XML stands for Extensible Markup Language, a family of standards for the exchange of structured information that was developed by the World Wide Web Consortium (W3C). XML is viewed as the successor to Hypertext Markup Language (HTML), which is still commonly used for creating Web sites on the Internet and for publishing corporate intranet content.
XML and its various components allow richly formatted and structured information to be delivered over the Web, and XML promises to be widely used in electronic commerce and electronic business applications.
Like HTML, XML uses embedded tags to mark up documents for formatting purposes and to create relationships between documents (that is, to create hypertext). In fact, XML is a restricted subset of Standard Generalized Markup Language (SGML), which has existed for years but is unsuitable for implementation on the Web.
Unlike HTML, with its fixed syntax of tags, XML allows users to declare and use their own tags by using document type definitions (DTDs), which define the syntax, structure, and meaning of their tags. In other words, XML does not specify the set of available tags or their syntax, but instead functions as a meta-language for creating and describing other markup languages.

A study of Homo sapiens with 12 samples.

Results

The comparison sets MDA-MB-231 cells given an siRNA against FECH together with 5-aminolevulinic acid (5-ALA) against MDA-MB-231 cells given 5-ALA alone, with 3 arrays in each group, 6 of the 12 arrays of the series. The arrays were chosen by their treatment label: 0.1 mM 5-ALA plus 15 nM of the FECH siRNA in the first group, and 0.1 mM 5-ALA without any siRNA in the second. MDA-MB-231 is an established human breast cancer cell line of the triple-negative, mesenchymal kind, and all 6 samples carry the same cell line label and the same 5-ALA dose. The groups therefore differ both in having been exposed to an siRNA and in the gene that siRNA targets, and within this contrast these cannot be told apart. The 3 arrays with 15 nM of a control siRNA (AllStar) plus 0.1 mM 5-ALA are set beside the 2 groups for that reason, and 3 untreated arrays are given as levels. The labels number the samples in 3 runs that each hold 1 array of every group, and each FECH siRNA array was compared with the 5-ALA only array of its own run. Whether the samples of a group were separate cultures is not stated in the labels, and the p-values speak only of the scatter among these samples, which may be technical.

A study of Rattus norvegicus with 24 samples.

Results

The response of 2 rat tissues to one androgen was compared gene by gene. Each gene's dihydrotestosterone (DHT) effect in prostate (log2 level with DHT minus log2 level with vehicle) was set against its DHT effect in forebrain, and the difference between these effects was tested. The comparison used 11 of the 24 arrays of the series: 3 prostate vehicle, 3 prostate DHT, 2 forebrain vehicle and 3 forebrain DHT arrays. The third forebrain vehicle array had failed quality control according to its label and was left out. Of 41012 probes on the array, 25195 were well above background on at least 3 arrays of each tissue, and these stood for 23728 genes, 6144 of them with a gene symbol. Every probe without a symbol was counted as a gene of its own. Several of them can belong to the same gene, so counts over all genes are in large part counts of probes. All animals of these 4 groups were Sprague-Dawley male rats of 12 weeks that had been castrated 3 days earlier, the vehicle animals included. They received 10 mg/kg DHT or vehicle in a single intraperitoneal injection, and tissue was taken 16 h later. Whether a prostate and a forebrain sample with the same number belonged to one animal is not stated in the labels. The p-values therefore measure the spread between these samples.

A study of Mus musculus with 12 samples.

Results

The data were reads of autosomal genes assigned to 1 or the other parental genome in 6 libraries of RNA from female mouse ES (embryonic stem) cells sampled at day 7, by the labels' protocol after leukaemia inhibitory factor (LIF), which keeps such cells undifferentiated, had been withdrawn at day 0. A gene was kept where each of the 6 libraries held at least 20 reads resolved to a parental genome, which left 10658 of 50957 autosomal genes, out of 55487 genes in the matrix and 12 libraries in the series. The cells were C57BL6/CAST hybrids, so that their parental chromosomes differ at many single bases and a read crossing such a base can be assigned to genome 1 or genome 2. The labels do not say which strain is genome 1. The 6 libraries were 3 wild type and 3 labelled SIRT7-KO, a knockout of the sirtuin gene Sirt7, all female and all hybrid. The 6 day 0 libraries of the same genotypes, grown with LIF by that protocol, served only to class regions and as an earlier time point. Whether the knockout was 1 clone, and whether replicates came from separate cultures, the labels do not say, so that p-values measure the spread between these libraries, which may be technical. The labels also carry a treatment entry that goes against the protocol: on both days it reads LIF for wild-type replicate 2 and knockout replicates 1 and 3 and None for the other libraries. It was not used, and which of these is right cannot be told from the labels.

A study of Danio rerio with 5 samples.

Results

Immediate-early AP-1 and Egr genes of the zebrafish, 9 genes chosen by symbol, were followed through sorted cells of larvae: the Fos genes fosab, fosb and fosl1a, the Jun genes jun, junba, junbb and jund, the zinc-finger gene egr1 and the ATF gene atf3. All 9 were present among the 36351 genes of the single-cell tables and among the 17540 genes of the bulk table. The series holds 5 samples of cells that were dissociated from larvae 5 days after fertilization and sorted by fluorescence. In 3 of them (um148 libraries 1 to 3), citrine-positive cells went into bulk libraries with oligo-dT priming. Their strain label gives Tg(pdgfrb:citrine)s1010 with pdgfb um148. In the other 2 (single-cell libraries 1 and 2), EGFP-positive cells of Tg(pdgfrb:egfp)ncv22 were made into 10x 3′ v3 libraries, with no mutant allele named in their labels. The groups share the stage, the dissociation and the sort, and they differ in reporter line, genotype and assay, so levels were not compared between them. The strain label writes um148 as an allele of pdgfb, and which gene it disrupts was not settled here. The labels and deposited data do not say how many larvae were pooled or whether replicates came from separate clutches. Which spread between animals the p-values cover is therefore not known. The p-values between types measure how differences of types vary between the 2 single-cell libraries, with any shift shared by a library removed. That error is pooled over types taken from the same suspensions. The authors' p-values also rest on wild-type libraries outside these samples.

Various DTDs have been created for different subject areas, such as science, commerce, and documentation. XML also extends the idea of a “document” to include not only text files but also e-commerce transactions, server application programming interfaces (APIs), vector graphics, and many other forms. As a result, XML is far more universal than HTML.
XML also uses Extensible Stylesheet Language (XSL), in which you can define classes of XML documents and how they are formatted. You can use the XML Linking Language (XLL) to create links in XML documents to external objects such as multimedia objects, and use the XML Pointer Language (XPointer) to define link addresses in an XML document. These two languages go beyond the simple anchor tag (<A>) of HTML and provide ways to create one-to-many links, bidirectional links, read-only links, and other complex structural interactions between XML documents. Other components of the XML system include namespaces, query languages, and schema languages, many of which are still under development.
Here is a simple example of an XML document:
This example illustrates two of the XML markup types:
Other types of XML markup include the following:
XML also includes declarations that enable the XML document to communicate various types of meta-information to the application parsing the document. These include declarations for new elements, lists of attributes, and new entities. In the preceding sample XML document, for example, the elements <HUMOR>, <BOB>, <SALLY>, <LAUGHTER/>, and <QUOTE> would all need to be declared using <!ELEMENT…> declaration statements.
Microsoft’s Channel Definition Format (CDF) was one of the earliest uses for XML in Internet environments.